Adverbs in writing are just the worst! They are evil! Evil, I say!
Eh, well, sort of. Sometimes.
And sometimes not. Let me explain.
Adverbs have a pretty awful rap in the writ ing world. Many a writing teacher will get their red pen in hand at the very mention of an adverb, and actually seeing a rogue adverb running free through a student’s writing will send that red pen into a flurried frenzy of frustration.
“Adverbs are bad! They are weak! They are not to be used by proper writers! I have the red pen, so that makes these statements true!”
Again… well, sort of. Let’s look into this more closely.
1. What is an adverb?
First off, it’s important that we’re all on the same page as to what an adverb is. If you’re like me and hated English grammar class in elementary school, here’s the lowdown:
An adverb is a word that modifies verbs, adjectives, and other adverbs. The shorthand many people are told is “they end in -ly”, which can be true but isn’t 100%.
Here’s some quick examples:
- Modifying a verb: I ran quickly. [The adverb tells how you ran, and run is a verb/action word.]
- Modifying an adjective: The man was extremely tall. [The adverb tells how tall he is, and tall is an adjective/descriptive word]
- Modifying another adverb: I ran very quickly. [The adverb tells how quickly you ran, and quickly is an adverb]
2. What’s so horrible about adverbs?
Well, if you look at the examples above, you’ll see that, while there’s nothing wrong with those sentences, they could be stronger. Adverbs, if used too much, can make your writing weaker.
What’s more interesting: “I ran quickly down the hall” or “I sprinted down the hall”? Or “I raced down the hall”? Or “I jogged down the hall”? Or “I bounded down the hall”?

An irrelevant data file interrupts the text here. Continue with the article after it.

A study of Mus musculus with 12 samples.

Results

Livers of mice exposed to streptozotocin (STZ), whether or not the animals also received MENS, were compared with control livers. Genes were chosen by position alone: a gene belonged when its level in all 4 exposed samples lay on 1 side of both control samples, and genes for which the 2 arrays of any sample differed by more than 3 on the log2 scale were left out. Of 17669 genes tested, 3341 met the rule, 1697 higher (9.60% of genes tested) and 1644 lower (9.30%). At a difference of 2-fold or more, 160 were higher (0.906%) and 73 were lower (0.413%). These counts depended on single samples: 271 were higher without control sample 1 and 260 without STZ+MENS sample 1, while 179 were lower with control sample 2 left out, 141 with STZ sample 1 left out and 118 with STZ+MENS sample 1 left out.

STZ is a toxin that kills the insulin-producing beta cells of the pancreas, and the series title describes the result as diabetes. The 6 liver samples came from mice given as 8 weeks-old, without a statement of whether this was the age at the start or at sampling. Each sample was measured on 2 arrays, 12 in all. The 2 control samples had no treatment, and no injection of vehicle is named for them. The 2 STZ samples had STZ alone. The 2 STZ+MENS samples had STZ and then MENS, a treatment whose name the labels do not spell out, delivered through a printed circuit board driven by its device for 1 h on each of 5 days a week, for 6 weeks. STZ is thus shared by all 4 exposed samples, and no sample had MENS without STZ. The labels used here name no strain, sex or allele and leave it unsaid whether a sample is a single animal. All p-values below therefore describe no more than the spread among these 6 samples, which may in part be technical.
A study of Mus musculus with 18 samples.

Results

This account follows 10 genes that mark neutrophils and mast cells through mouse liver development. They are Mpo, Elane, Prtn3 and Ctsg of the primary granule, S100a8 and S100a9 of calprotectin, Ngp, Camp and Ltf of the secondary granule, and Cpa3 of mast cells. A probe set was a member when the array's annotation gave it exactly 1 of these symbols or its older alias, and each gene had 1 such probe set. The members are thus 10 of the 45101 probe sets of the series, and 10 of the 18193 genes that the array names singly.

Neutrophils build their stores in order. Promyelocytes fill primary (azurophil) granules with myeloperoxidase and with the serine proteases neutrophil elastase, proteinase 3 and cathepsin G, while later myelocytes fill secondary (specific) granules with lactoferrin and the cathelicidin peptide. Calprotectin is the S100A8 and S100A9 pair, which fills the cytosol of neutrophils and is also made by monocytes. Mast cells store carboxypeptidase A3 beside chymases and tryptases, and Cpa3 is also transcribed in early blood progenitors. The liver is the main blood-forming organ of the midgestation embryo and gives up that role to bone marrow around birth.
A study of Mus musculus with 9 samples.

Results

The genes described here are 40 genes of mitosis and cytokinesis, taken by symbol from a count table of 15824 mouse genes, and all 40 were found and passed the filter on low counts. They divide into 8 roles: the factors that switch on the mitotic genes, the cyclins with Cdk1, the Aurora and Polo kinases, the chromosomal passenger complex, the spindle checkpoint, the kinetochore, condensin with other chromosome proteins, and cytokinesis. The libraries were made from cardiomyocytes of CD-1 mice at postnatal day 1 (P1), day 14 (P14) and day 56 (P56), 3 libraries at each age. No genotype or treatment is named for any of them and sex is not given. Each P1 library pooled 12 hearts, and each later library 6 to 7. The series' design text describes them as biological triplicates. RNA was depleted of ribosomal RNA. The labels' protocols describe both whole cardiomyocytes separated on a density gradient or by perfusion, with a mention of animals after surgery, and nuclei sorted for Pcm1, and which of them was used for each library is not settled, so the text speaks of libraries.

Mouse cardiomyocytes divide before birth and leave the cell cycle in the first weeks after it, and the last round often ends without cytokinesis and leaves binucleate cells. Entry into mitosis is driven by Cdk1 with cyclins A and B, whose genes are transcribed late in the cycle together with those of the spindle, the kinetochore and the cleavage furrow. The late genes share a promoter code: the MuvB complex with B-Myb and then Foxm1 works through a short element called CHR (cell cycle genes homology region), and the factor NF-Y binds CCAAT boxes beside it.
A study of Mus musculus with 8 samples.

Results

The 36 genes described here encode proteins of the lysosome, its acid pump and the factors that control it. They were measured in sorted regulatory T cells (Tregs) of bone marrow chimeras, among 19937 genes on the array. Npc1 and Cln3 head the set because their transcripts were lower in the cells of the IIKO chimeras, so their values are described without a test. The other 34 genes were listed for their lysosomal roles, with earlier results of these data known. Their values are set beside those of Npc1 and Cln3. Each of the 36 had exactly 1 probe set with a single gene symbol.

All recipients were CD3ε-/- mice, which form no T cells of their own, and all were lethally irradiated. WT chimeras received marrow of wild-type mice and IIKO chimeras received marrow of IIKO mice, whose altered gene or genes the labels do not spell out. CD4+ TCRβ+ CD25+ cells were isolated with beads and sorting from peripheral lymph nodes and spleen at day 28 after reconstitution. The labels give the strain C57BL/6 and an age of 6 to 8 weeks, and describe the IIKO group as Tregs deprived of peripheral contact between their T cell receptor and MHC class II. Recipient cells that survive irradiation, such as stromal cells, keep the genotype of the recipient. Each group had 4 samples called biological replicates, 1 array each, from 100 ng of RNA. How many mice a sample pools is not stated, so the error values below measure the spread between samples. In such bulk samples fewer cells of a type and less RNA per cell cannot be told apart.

All of those options give more detail and specificity. Running “quickly” is more generic and so a bit less interesting.
How about “The man was extremely tall”? We could use different adjectives that carried more weight, or we could change it from “telling” the reader the man is tall to “showing” the man’s height through his actions.
How about “The man was gigantic” or “He towered over his workmates” or “He had to duck to avoid hitting his head as he stepped through the doorway” or “I had to crane my neck up to look him in the eyes as he approached me.”?
3. So does this mean all adverbs are bad?
Not at all. Personally, I feel that certain adverbs of frequency (Ex: “He never goes outside anymore”) or of place (Ex: “There are squirrels everywhere!”) or of time (Ex: “He came over yesterday“) are perfectly fine and useful at times, though not every writer or writing teacher may agree with me.
However, there’s one major area where I’d argue they’re pretty much necessary or, at the very least, pretty much unavoidable.
People use adverbs constantly.
“That was so amazing!”
“I really don’t like that guy.”
“I will never do that again.”
“Why is he always late?”
I don’t know about you, but I’ve never heard someone say, “Man, that cheesecake was so good! …wait, ‘so’ was an adverb. And ‘good’? That’s a pretty weak adjective. I should do better. Where’s my thesaurus?”
Like it or not, adverbs are incredibly common in speech.
While limiting adverbs in your narrative writing will make you a stronger writer, taking them out of your dialogue can make it sound stilted or awkward. This also is true when you’re writing something that is meant to sound like dialogue or a conversation.
Like, say, I don’t know, an instructional blog post on improving your writing.
4. Final Thoughts
Like so many things in life, “eliminate your adverbs” isn’t an absolute. It’s a good idea a lot of the time, but a good writer will also do their best to learn when this rule – like many other writing rules – can be bent or broken.
What are your thoughts on adverbs in writing, or on any other writing-related tips or rules? Please comment below. Also, for more information on writing dialogue, please check out my 3-part post series starting here.